An artist’s depiction of Machairodus lahayishupup eating Hemiauchenia, a camel relative. The image is part of a mural of the Rattlesnake Formation of central Oregon, where fossils of the newly identified species have been found. The mural is exhibited at John Day Fossil Beds National Monument, part of the National Park Service.

IMNH specimens helped to identify a giant saber-toothed cat that lived in North America between 5 million and 9 million years ago, weighing up to 900 pounds and hunting prey that likely weighed 1,000 to 2,000 pounds, scientists reported today in a new study.


Plan A Visit - Gallery Closed May 10-28, 2021

Skulls, Everyone's Got One Now Open

Skulls Everyone's Got One Logo

The exhibition will feature over 100 skulls from the IMNH collections and 3D printing. The range in size from over 7 feet to less than an inch. See a minke whale, great hammerhead shark, Diabloceratops, birds, lizards, and skulls like yours. Pose in front of the wall of spikes, a showcase of horns, antlers, bumps, knobs, and frills animals use to live their life. From giant saltwater crocodiles to dinosaurs, whales, and bison, you will never look in the mirror the same way again!


Monday: Closed*

Tuesday: 12 - 5 p.m.

Wednesday: 12 - 5 p.m.

Thursday: 12 - 5 p.m.

Friday: 12 - 5 p.m.

Saturday: 10 a.m. - 5 p.m.

Sunday: 12 - 5 p.m.

Field Trips

*Admin Offices Open

Admission

Adult (18+):  $7

Senior (60+):  $5

Youth (4-17):  $3

Children 3 and under:  Free

ISU student: Free*

Members: Free

Corporate/Group: $3/adult $1.50/child**

Active Military & Veterans: 20% Discount *

*With appropriate ID

**To schedule call (208) 282-3168

Parking

Complimentary parking is available in the Idaho State University's General Parking Lot 01, on the west-side of the pine trees. Can be accessed at the intersection of 5th Avenue and Dillon Street. Parking is marked for Museum Patrons. If museum parking is full a pass can be obtained at the front desk.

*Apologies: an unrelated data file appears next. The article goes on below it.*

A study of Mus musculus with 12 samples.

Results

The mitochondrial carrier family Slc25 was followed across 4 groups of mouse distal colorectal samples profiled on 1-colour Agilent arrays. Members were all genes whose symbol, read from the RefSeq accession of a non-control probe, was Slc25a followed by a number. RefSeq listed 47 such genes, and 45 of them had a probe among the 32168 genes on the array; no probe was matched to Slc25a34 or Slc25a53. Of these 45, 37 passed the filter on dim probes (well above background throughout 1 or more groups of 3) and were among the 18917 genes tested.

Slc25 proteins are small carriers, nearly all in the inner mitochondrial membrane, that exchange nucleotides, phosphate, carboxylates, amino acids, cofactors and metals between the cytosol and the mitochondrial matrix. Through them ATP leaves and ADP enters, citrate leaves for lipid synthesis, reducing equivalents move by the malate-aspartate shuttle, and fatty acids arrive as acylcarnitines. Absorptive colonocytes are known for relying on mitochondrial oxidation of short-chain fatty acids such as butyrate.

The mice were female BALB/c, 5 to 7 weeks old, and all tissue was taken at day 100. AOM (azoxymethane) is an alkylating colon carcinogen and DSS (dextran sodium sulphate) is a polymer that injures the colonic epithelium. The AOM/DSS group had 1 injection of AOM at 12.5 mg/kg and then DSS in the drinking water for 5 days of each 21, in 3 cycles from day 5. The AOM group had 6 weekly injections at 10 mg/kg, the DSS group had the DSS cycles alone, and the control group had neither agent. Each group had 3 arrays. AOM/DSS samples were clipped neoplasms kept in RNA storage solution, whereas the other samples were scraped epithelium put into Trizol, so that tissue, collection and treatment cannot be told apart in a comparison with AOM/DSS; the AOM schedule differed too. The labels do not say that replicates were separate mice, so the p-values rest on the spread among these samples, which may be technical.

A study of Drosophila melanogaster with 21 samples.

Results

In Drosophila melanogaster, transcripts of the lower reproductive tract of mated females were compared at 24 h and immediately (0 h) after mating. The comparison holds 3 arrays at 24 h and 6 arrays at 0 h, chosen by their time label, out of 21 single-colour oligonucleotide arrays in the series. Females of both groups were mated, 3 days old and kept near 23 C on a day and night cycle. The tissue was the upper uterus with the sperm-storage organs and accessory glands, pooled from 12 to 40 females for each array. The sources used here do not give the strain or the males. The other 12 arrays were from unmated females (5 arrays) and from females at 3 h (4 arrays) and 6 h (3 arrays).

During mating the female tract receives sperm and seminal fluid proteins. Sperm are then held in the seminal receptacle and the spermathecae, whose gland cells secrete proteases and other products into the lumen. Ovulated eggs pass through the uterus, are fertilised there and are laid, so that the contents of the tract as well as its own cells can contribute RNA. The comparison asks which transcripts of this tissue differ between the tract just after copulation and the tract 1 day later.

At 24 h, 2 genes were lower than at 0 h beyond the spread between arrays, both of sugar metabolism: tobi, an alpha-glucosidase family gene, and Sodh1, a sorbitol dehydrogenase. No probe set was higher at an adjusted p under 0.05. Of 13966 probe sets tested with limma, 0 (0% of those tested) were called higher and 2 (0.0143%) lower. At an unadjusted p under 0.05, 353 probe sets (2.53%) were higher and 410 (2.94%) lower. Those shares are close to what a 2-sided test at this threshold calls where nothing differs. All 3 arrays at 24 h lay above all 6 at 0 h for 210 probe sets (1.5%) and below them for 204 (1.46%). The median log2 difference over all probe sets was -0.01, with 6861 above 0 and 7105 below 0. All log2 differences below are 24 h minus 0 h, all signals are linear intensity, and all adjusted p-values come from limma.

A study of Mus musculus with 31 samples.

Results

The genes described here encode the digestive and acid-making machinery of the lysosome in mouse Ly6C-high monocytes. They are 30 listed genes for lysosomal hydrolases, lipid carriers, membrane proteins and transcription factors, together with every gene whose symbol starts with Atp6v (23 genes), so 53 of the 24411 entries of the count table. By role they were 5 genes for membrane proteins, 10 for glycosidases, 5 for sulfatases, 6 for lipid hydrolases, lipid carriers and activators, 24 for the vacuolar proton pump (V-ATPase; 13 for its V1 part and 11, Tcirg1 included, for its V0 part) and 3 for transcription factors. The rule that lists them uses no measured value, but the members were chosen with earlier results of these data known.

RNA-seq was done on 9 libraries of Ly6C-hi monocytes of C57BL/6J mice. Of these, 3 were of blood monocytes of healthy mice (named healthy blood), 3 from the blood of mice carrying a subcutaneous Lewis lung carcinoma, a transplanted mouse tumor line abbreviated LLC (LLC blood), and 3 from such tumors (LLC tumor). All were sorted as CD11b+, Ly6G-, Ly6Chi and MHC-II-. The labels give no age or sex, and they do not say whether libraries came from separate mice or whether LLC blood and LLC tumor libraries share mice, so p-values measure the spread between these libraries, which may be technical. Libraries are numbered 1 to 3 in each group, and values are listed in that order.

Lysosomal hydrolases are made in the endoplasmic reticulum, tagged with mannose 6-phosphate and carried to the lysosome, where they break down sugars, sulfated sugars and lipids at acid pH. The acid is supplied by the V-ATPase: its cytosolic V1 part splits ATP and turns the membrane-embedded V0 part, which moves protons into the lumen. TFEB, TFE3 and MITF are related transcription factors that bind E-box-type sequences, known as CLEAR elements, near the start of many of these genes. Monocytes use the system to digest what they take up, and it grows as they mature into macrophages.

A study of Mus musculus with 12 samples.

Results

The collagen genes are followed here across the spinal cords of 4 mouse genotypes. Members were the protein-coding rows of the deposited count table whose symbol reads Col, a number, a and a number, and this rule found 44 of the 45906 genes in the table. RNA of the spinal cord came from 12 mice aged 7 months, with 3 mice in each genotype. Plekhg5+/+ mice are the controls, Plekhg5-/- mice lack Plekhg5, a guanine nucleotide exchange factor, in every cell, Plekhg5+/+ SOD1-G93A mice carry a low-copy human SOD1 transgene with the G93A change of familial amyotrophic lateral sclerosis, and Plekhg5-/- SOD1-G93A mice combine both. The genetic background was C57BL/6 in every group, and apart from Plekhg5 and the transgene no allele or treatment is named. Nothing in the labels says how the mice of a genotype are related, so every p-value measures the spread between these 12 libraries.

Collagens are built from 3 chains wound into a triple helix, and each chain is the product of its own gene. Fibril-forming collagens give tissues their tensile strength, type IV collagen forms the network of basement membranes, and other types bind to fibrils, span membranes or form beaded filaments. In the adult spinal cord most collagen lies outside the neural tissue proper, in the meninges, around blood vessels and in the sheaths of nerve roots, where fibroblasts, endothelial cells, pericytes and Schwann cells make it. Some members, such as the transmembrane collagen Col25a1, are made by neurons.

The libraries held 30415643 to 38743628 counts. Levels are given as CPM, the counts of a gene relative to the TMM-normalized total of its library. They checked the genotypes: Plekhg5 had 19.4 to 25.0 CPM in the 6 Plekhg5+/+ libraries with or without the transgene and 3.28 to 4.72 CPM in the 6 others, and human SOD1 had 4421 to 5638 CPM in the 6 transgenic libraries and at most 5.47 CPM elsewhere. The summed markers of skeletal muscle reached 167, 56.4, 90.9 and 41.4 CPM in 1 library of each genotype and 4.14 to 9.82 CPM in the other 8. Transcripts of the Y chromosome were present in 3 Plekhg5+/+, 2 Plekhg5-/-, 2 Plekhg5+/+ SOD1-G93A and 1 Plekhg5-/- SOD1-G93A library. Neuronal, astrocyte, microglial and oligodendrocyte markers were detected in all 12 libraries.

For More Detailed Instructions

Your Safety is our Priority

The Museum has procedures to limit the number of guests in the gallery at one time, regularly sanitize interactive spaces after each group, and conduct deeper cleaning before each day. Face coverings are required at the Museum and will be provided complimentary with the purchase of admission. If you are concerned about waiting please call ahead (208) 282-3317.

Happy Mother's Day Image

May 8-9

Mother's Day Special

We want to help celebrate the special female caregivers in your life. This Mother's Day weekend all moms get in for FREE.

Science and Research News

These Prehistoric Sharks Had Jaws Shaped Like Circular Saws and Sawtoothed Sciss

An illustration of the ancient shark Edestus heinrichi preying on a fish. Many ancient sharks had different jaws than modern sharks.

By Riley Black

SMITHSONIANMAG.COM

APRIL 2, 2021

Imagine a great white shark with a set of sawtoothed scissors for a mouth. Ridiculous as that image might seem at first, such a creature once swam through Earth’s seas. More than 300 million years ago, Edestus giganteous bit through its fishy prey with a set of thin, blade like jaws with each serrated tooth set in line right behind the last. There’s nothing quite like this fish alive today, and paleontologists have only recently been able to piece together the relevant clues to understand Edestus and other strange shark relatives from the deep past.


ISU researcher Mary Thompson collaborated with scientists from around the world to learn more about the dire wolf, the highly intelligent but terrifying beasts from Game of Thrones.

Support the Museum

At the IMNH, our philosophy is all about discovery! Discovery through world-class, science-based programming that highlights the incredible life, earth, and anthropology collections we steward for the State of Idaho, its citizens, and our visitors.